Former Co-Owner of New Jersey Marketing Company Admits Role in $8.8 Million Compounded Prescription Drug Scheme
NEWARK, N.J. – The former co-owner of a New Jersey marketing company today admitted her role in a scheme to defraud public and private health benefits programs of at least $8.8 million for the billing of medically unnecessary compounded prescriptions, U.S. Attorney Craig Carpenito announced.
Lisa Curty, 43, of Staten Island, New York, pleaded guilty by videoconference before U.S. District Judge John Michael Vazquez to an information charging her with conspiracy to commit health care fraud.
According to documents filed in this case and statements made in court:
Compounded medications are specialty medications mixed by a pharmacist to meet the specific medical needs of an individual patient. Although compounded drugs are not approved by the Food and Drug Administration (FDA), they are properly prescribed when a physician determines that an FDA-approved medication does not meet the health needs of a particular patient, such as if a patient is allergic to a dye or other ingredients in the prescription.
Between February 2015 and February 2017, Curty participated in a conspiracy that involved the submission of fraudulent prescriptions for compounded medications to public and private insurance plans. The scheme centered on the discovery that certain insurance plans paid for prescription compounded medications – including scar creams, wound creams, and metabolic supplements/vitamins – at exorbitant reimbursement rates.
Curty exploited this opportunity by creating a New Jersey marketing company (Marketing Company-1) and hiring sales representatives to target individuals who had insurance plans that covered compounded medications. The sales representatives then convinced those individuals to obtain prescriptions for compounded medications, regardless of medical necessity, often by providing them with cash payments. The individuals were then directed to certain telemedicine companies, which Marketing Company-1 or its affiliates paid, to receive the prescriptions.
Once the prescriptions were written, they were filled by certain compounding pharmacies with which Marketing Company-1 conspired. The compounding pharmacies would then receive reimbursement from the insurance plans, and would pay Marketing Company-1 a percentage of the reimbursement amount. As one of the owners of Marketing Company-1, Curty retained a portion of the payment and provided a “commission” payment to the relevant sales representative.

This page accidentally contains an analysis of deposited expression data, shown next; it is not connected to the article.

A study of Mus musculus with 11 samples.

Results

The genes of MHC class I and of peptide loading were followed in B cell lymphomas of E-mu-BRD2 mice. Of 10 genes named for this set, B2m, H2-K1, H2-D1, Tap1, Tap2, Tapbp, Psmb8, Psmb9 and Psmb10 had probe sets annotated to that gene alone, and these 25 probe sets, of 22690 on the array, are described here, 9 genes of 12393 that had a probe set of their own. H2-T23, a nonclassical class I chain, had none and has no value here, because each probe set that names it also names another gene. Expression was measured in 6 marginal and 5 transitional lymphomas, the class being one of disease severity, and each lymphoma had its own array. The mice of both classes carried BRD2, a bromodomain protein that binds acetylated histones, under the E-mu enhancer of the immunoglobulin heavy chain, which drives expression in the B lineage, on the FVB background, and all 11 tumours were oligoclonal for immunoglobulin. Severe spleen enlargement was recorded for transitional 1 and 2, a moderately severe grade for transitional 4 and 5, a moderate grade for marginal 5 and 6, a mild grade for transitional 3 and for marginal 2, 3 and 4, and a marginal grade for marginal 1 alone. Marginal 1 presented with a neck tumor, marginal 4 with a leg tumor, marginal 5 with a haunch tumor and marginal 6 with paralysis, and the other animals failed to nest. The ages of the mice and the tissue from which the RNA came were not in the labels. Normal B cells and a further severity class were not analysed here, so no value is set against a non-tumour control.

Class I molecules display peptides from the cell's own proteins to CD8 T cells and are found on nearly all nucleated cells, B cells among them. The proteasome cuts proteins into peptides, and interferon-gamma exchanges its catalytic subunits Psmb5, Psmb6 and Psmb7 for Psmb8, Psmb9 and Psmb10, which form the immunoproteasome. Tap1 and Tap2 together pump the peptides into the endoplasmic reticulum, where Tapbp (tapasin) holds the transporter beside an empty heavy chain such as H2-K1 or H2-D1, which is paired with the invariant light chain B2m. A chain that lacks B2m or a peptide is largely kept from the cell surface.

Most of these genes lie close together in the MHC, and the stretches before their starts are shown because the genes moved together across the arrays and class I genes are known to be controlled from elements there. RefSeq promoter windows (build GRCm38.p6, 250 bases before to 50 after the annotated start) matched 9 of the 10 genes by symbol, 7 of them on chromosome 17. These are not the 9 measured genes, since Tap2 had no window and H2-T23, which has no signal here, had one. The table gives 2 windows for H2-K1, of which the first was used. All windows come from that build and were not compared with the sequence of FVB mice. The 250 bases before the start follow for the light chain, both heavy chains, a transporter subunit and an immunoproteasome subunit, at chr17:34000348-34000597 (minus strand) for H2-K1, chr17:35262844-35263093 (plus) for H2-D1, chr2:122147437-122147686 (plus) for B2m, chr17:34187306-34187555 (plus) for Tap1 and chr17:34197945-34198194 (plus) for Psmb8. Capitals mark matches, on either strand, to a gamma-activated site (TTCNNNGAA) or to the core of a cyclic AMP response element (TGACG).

Curty’s conspirator and co-owner of Marketing Company-1, Christine Myers, pleaded guilty on July 27, 2020, to conspiracy to commit health care fraud and is scheduled to be sentenced on Dec. 1, 2020.
Two sales representatives that worked for Marketing Company-1, Christopher Frusci and Enver Kalaba, were former Metropolitan Transportation Authority (MTA) employees. Since the MTA’s health insurance plan covered compounded medications, Frusci and Kalaba targeted co-workers at the MTA and paid them cash bribes for every compounded prescription they submitted. Frusci and Kalaba have both previously pleaded guilty to conspiracy to commit health care fraud charges based on their respective roles in the scheme. On Feb. 7, 2019, Kalaba was sentenced in Newark federal court to 20 months in prison and one year of supervised release, and must forfeit $138,630 in criminal proceeds he received for his role in the scheme and pay restitution of $2.9 million. Frusci is awaiting sentencing.
The count of conspiracy to commit health care fraud is punishable by a maximum of 10 years in prison and a fine of $250,000 fine, or twice the gross gain or loss from the offense. As part of her plea agreement, Curty must forfeit $1.475 million in criminal proceeds she received for her role in the scheme and pay restitution of at least $8.8 million. Sentencing is scheduled for Jan. 26, 2021.
U.S. Attorney Carpenito credited special agents of the FBI, under the direction of Special Agent in Charge George M. Crouch Jr.; the U.S. Department of Defense, Defense Criminal Investigative Service, under the direction of Special Agent in Charge Leigh-Alistair Barzey; and the Office of the Inspector General, Metropolitan Transportation Authority, under the direction of Inspector General Carolyn Pokorny, with the ongoing investigation leading to today’s guilty plea.
The government is represented by Assistant U.S. Attorney Adam Baker of the U.S. Attorney’s Office, Opioid Abuse Prevention and Enforcement Unit in Newark.